Ortuzar Projects is pleased to present William Scott: It’s a Beautiful Day Outside. This exhibition—the artist’s first solo presentation in New York since his 2009 show at White Columns—features recent drawing, painting, sculpture, and an original video work.
A self-taught artist from the Bay Area, Scott creates work that imagines alternative realities grounded in a deep belief in the potential for positive human transformation. Already an acute draftsman and careful observer of the urban environment by the 1970s, Scott’s earliest body of mature work includes intricate perspectives of the dense color, shape, and forms of his native city, a gridded peninsula of modern skyscrapers buffeted by the Pacific Ocean and the San Francisco Bay. The smooth passage of Municipal Transport Agency (MUNI) buses along the city’s steeply graded streets inspired the artist as a kind of spectral transportation, manifest in the “Wholesome Encounters” paintings of groovy space shuttles—glowing in silver, lime, and chartreuse—peopled by fresh-faced yet perpetually time-traveling passengers and crew, from Curtis Johnson to Diana Ross. If space is the place, how we get there also matters. Scott’s intergalactic flights, chartered by the “Skyline Friendly Organization,” bring specifically diverse, dead, and living figures together into a shared time-perspective—one possible future—that reveals the exceptionality of such multicultural and intergenerational assemblies today.
For the series “Another Life,” Scott’s brightly tinted figurative compositions instead skew retroactively, fantastically re-inscribing hairstyles, hoop dreams, Valentines and prom dates that could have been. The exaltation of Black women here also recurs in a series of dancing church ladies, and another of sensitive portraits of icons like Janet Jackson and Angela Bassett—voluptuous figures rendered with a reverence equaling that of Zap Comix’s R. Crumb. Meanwhile, the thread of transformation explored in the self-portraits of “Another Life” is taken up by the group of painted papier-mâché masks on view, which at first appear to be pop sculptural busts. A mask is activated when the artist uses it to assume another identity, and also to destabilize the perceived monstrosity of the character portrayed. This drama unfurls tenderly, via Darth Vader, in the video-performance Beautiful Peace on Earth, 2013, from which the title of this exhibition arises.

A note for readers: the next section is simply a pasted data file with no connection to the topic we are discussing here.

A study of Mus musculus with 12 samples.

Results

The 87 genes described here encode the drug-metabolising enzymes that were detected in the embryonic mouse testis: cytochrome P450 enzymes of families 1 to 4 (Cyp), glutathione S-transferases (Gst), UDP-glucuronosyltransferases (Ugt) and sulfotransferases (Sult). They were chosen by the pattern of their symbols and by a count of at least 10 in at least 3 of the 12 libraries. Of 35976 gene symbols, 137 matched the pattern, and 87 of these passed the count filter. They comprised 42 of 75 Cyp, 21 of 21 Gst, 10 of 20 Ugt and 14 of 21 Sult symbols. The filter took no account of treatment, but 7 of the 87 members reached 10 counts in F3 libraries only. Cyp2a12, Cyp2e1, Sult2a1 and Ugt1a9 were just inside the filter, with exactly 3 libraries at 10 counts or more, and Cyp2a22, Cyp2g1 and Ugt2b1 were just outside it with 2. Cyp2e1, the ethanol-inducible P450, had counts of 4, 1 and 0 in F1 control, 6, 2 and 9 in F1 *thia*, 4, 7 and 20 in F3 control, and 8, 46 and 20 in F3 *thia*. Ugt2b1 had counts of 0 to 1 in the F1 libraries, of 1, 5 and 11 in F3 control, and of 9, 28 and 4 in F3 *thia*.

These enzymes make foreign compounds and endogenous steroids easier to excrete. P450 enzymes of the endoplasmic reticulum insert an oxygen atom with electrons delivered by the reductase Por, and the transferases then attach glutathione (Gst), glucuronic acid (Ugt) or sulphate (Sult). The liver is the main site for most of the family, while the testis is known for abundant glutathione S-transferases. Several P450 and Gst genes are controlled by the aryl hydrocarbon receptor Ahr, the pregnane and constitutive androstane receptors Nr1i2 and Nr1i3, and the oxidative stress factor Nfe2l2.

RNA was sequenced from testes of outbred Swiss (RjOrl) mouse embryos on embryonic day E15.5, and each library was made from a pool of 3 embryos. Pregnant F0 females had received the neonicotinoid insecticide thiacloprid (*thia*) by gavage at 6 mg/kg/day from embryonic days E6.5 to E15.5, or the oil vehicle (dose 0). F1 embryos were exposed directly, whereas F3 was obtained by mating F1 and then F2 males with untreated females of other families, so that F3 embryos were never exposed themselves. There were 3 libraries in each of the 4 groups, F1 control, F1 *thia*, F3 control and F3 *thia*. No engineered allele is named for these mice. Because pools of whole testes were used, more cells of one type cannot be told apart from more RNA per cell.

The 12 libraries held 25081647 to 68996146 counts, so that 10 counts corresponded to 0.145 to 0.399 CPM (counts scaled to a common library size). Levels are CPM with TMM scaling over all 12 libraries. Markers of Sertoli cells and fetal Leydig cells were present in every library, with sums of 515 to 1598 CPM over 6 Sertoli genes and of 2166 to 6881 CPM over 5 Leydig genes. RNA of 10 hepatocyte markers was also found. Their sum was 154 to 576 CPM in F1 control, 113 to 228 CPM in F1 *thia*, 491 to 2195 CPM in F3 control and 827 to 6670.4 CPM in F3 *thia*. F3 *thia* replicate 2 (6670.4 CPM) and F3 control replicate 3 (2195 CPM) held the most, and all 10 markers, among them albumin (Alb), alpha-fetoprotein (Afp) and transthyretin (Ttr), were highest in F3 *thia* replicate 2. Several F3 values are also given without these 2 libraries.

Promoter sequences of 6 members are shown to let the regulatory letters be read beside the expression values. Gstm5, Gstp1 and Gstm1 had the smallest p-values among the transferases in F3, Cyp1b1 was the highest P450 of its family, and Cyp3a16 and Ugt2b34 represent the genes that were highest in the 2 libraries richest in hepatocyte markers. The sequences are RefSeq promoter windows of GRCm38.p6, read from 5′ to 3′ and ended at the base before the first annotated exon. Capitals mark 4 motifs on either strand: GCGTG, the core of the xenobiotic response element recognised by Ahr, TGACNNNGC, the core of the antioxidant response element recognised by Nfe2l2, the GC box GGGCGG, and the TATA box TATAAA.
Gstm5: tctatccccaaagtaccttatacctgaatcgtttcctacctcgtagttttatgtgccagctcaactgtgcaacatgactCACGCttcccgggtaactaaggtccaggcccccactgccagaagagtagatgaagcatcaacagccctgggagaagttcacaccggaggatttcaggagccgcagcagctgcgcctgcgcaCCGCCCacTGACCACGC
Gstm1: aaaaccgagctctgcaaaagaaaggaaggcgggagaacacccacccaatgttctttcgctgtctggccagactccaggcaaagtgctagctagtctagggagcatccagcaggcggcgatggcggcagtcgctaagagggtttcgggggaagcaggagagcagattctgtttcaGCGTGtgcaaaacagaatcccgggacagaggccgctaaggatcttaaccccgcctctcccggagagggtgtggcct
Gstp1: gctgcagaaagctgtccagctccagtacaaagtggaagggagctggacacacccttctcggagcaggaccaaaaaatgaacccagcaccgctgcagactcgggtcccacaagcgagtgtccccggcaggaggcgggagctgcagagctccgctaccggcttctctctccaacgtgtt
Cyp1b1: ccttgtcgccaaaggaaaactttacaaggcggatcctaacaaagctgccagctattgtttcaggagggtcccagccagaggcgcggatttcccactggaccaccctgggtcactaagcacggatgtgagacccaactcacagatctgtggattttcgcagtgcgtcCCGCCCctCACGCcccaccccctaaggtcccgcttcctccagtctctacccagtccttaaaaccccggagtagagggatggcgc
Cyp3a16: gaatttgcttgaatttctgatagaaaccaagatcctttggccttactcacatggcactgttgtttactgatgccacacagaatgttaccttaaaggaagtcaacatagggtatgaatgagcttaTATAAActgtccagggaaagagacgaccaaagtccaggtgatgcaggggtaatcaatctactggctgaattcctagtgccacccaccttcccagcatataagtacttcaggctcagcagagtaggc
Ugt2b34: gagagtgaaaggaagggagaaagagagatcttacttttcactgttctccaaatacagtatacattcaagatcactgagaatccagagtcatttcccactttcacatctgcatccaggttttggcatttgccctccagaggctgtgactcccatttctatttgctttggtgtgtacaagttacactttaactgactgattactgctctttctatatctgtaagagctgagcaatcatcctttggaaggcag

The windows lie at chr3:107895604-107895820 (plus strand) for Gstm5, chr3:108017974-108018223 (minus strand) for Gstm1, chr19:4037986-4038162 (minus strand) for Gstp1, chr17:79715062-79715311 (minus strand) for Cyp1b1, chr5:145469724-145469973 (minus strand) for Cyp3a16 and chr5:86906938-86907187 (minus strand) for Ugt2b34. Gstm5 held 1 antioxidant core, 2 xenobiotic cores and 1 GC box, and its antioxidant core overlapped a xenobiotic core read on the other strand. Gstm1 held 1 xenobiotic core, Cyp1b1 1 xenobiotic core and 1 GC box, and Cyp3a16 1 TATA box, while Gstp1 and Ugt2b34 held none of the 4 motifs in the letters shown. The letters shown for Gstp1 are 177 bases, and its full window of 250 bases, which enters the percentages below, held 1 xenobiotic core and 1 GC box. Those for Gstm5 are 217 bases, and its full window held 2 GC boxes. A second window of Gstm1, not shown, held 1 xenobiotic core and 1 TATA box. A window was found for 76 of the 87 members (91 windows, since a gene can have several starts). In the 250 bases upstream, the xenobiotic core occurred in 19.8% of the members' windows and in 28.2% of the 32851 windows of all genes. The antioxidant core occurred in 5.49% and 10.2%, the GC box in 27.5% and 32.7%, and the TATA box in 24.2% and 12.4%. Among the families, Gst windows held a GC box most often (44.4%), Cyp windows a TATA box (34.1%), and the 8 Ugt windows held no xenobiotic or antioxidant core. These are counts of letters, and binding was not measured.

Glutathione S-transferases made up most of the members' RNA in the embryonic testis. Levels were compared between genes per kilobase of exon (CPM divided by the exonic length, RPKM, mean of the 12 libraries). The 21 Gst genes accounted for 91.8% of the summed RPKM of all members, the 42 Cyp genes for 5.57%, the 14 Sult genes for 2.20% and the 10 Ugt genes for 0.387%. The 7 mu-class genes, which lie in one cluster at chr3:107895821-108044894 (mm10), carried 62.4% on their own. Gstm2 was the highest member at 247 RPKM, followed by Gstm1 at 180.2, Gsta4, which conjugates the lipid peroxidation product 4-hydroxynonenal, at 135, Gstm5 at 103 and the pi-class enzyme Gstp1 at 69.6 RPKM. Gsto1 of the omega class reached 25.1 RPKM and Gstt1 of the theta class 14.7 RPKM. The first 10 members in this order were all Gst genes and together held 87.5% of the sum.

If there is a proclivity to label self-taught artists as “visionaries,” it is also because a lack of specialized training promises the subversion of disciplinary boundaries; allowing perception through and beyond the rigid systems that structure – and sometimes stifle, or close down – our expectations for art, for each other, our imagination, and ourselves. The principal vision that all Scott’s works in various media propose is a utopian world that exists in no time like the present, but instead draws on memories of the past, and collective hope in the future, to finally make peace with the condition of human frailty.
Born in San Francisco in 1964, William Scott lives in San Leandro, California and has worked from the Creative Growth Art Center, Oakland since 1992. A nonprofit organization founded in 1974, Creative Growth provides a professional studio environment, gallery exhibition, and representation for artists with developmental disabilities. Scott has presented solo shows and projects at White Columns, New York (2006, 2009); and Palais de Tokyo, Paris (2008). His work is included in the permanent collections of the Museum of Modern Art, New York; The Studio Museum in Harlem, New York; and the San Francisco Museum of Modern Art.